Medieval Scotland. Sir Lennox Brodie, a powerful knight, leaves his homeland to fight in the Crusades. It’s a vow he’s bound to fulfill and an escape from the devastation over the death of his wife and two daughters. He returns famous, scarred, and wealthy, with his soul still in tatters.
Sir Lennox Brodie’s life as a powerful knight is over. Having fulfilled his oath to the king, he is comfortably settled at the manor house built on his family’s ancestral lands. He and Maggie are raising five-year-old Kendric, and his dream of raising Friesian horses is coming true. Lennox’s desire for a life of peace and tranquility has finally come to pass. So he thinks …
Sir Lennox Brodie has willingly relegated his life as a powerful knight to the darkest recesses of his past. In turn, he has wholeheartedly embraced the comfortable, peaceful rhythm of life’s seasons at Brodie Manor with his wife Maggie, son Kendric, and the wee bairn they thought would never be.
The king wants a husband for Maggie and heirs for his kingdom. Among those attending a carefully-orchestrated banquet is Sir Alexander deMortimer, a sworn enemy to Maggie and uncle to her eldest son, Kendric. After repeated overtures and rejections, Alexander makes a desperate move that changes the lives of everyone at Brodie Manor.
Authors Paul V. Hunter and Anne K. Hawkinson
ANNE: Anywhere and everywhere! It can be a huckleberry, a can of paint, or a medieval castle. I keep my creative mind open and ready.
PAUL: Anne is a fan of romance and I have in interest in the medieval period and we both decided in bringing them together which worked beautifully. Our ideas came from the brutal and barbaric time, what this would endure for both a man and a woman in a strained relationship of that period. It had to reflect the period of that time.
ANNE: I write in a linear fashion. I’m a plotter and an outliner. Within that structure, I can find my creative freedom.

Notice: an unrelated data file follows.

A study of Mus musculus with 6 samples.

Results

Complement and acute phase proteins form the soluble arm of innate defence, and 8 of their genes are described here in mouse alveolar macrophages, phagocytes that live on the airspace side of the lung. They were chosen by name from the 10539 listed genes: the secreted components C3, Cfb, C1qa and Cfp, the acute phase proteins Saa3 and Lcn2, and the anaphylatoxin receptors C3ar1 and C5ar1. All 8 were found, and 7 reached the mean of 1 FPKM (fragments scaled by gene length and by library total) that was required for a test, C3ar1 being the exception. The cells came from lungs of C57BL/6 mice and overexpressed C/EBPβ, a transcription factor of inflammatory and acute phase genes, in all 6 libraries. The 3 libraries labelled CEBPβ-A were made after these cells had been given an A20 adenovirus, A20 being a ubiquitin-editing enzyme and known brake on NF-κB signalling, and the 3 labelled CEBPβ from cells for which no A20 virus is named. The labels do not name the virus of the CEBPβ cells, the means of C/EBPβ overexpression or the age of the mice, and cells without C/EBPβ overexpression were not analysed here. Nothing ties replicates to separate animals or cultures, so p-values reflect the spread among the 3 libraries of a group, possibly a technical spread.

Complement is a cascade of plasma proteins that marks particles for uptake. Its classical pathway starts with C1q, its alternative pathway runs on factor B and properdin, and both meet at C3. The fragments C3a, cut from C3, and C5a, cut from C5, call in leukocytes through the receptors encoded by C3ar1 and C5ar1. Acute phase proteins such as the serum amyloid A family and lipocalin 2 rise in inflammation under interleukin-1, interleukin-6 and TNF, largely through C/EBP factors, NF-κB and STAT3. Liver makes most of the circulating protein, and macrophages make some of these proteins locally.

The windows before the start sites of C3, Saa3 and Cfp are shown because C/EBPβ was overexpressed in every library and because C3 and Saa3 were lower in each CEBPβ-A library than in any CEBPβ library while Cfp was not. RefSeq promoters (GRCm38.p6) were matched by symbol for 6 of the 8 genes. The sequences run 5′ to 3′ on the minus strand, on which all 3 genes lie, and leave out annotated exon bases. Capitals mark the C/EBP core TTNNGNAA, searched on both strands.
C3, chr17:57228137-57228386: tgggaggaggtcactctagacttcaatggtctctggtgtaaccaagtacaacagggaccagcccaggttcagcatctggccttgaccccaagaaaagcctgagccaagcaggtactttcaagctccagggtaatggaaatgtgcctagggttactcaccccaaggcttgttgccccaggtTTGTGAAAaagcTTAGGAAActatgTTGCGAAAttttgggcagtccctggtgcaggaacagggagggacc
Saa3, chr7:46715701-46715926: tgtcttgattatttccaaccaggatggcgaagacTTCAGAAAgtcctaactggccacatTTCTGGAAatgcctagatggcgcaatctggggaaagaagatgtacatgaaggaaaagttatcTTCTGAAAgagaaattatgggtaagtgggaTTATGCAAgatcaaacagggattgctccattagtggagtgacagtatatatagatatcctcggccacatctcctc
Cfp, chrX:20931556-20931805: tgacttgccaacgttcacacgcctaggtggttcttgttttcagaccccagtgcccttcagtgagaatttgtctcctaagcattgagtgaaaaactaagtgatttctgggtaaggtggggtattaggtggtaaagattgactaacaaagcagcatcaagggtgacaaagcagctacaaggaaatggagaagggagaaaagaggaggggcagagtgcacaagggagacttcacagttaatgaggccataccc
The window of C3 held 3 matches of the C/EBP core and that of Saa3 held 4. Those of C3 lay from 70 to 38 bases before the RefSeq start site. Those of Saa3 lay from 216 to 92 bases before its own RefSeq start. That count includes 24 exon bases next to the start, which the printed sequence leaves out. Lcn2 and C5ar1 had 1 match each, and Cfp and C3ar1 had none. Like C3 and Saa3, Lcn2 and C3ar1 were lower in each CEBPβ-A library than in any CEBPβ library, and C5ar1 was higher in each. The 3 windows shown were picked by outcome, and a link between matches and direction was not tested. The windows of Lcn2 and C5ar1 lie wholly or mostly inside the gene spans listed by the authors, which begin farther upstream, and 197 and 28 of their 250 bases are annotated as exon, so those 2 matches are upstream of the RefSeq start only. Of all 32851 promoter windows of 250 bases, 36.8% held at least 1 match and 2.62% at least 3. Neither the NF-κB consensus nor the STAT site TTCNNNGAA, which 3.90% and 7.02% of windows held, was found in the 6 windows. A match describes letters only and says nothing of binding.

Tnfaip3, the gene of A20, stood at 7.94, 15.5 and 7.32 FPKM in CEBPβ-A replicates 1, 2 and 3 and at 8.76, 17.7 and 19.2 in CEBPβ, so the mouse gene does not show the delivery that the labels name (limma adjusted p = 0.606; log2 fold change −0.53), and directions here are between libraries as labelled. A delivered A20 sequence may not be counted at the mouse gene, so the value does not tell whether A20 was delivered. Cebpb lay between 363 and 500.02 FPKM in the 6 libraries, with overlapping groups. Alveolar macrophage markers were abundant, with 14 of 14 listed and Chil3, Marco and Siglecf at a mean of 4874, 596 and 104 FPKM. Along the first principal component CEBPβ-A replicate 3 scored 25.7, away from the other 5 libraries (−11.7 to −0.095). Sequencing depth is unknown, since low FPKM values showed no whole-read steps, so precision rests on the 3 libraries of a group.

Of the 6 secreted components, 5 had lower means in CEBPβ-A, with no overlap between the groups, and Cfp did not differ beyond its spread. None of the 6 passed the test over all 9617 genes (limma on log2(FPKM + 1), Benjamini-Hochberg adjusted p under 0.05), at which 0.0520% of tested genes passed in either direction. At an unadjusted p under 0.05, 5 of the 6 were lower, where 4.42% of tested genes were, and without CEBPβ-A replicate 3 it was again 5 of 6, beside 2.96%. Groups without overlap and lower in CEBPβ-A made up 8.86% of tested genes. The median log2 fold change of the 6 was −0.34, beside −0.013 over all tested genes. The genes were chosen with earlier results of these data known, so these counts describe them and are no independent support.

PAUL: We swap ideas continually, both aware of the drafts being sent constantly across the sea. All ideas are scrutinised for their potential and importance for the story, and usually something that get’s both our attention will receive closer attention and excitement.
ANNE: Create a world and characters you love, for they will be with you forever! They will become real to you and touch your heart and soul in a way never thought possible.
PAUL: Write! Just write. Build up a body of work and learn the craft and your style will appear and improve. Your writing brain is a muscle, use it or lose it. There are so many writers out there and they are very selective. Write about something that is close to your heart. Read other books and embrace the art of writing.
ANNE: I feel I’ve succeeded if something I’ve written makes an emotional connection with the reader. If they’re invested and affected by the story, then I’ve done my job.
PAUL: To be looked upon from other writers as one of them; to be remembered in the literary world as a writer who left something wonderful enough to be accepted, and that it was possible to have lived life as a writer.
ANNE: Research (online, library, on-site, etc.) is paramount in creating the worlds in my stories. They have to be consistent, accurate, and believable.
PAUL: Knowing what you are writing about is important. For example, if the subject matter is the interior of a medieval house, I shall research the furniture, the eating habits, windows, walls, wood. I will read factual books on the subject and the internet is amazing for checking details, or I go visit castles and take photos. Each book is different, influencing the amount of time and information required.
ANNE: Grimm’s Fairy Tales by Jakob and Wilhelm Grimm and A Fly Went By written by Mike McClintock.
PAUL: A Christmas Carol by Charles Dickens (the most wonderful story ever written),The Time Machine by HG Wells, and Journey to the Center of the Earth by Jules Verne.